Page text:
How to Transplant Calla Lily Bulbs


The calla lily, with its imperial blossom and rich, green foliage, makes an impressive summer blooming plant in a sunny flower garden. Calla lilies grow from bulbs and an advantage of growing these prolific bloomers is the way they will spread throughout a planting area if you allow it. If you grow calla lilies in a region where winter temperatures fall below 40 F, you must lift the calla lilies each autumn and store them until the next growing season. Transplant calla lilies during dormancy (late autumn or early spring).

Step 1

Clip the foliage from the calla lilies down to the soil level with the pruning shears (if necessary) prior to removing them from the soil. Discard the stems and foliage after removing them.

Step 2

Insert the shovel into the soil approximately 4 inches away from the center of the calla lily. Insert the blade of the shovel repeatedly to make a circle around the lily, and then angle the tip of the shovel beneath the bulb to remove it from the soil.

Step 3

Prepare a new growing area for the calla lilies if you will be placing them immediately back into the soil. Loosen the soil down at least 6 inches with the garden spade. Add 2 inches of compost to the top of the soil, and mix this in with the garden spade thoroughly.

Step 4

Dig holes 6 inches deep and 18 inches apart. If you are dividing the calla lilies first, remove the soil from around the bulbs, and then cut them apart with a sharp knife so that each portion of bulb contains at least one bud. Replant the calla lilies into the prepared holes, and cover them with soil.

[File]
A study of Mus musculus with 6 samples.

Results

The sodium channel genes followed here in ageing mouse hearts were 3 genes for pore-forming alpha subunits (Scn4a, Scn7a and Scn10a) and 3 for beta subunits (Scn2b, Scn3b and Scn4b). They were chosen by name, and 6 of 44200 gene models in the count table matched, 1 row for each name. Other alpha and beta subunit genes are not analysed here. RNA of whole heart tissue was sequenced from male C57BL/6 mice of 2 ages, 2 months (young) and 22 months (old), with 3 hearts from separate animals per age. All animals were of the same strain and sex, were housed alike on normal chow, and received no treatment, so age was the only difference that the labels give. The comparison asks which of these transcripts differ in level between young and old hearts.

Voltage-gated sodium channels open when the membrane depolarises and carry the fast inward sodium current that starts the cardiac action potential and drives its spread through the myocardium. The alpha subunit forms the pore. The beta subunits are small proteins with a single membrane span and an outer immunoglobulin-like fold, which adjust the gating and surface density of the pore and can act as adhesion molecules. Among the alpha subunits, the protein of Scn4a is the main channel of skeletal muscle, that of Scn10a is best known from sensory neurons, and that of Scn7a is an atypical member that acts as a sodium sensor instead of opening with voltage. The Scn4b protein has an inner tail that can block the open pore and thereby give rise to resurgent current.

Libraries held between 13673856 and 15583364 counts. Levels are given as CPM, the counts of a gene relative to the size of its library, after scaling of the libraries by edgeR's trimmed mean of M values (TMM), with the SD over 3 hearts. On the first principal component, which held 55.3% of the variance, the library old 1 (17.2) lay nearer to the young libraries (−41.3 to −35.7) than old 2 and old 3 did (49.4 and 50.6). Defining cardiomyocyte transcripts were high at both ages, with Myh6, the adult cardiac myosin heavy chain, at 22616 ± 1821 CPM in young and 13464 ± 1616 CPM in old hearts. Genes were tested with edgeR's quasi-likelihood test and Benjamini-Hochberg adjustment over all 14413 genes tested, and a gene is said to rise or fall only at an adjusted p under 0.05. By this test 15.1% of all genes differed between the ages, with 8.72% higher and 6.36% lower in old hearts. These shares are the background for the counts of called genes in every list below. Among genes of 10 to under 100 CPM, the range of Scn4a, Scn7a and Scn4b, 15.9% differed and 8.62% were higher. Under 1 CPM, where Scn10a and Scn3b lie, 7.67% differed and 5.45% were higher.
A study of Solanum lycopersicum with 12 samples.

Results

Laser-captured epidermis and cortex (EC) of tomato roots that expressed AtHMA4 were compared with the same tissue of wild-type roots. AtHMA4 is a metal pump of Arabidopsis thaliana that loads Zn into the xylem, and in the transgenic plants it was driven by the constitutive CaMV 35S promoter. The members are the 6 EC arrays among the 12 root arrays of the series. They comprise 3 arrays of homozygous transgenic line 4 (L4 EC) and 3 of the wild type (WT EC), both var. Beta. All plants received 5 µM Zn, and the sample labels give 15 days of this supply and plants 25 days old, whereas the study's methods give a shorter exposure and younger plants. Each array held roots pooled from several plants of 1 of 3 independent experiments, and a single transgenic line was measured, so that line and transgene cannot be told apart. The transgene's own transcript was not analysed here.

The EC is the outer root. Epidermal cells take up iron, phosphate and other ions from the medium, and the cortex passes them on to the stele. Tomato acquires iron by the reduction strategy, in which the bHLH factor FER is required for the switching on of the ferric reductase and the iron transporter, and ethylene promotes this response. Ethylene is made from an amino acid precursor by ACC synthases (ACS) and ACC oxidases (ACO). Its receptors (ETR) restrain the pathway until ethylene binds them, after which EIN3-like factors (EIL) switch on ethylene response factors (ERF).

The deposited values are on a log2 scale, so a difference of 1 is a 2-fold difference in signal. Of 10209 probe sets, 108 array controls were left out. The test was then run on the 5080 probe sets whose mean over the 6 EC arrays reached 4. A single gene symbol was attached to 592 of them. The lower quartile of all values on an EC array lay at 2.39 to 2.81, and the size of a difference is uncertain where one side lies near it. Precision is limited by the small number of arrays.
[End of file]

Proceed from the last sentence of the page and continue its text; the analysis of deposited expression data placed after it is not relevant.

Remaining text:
Step 5

Water the transplanted calla lilies generously to saturate the soil.

Things You'll Need

  • Pruning shears
  • Shovel
  • Bucket
  • Garden spade
  • Compost


  • National Gardening Association: Calla Lilies
  • University of Minnesota Extension: Calla and Canna Lilies
Keywords: calla lily, transplant calla lilies, grow calla lilies

About this Author

Kathryn Hatter is a 42-year-old veteran homeschool educator and regular contributor to Natural News. She is an accomplished gardener, seamstress, quilter, painter, cook, decorator, digital graphics creator and she enjoys technical and computer gadgets. She began writing for Internet publications in 2007. She is interested in natural health and hopes to continue her formal education in the health field (nursing) when family commitments will allow.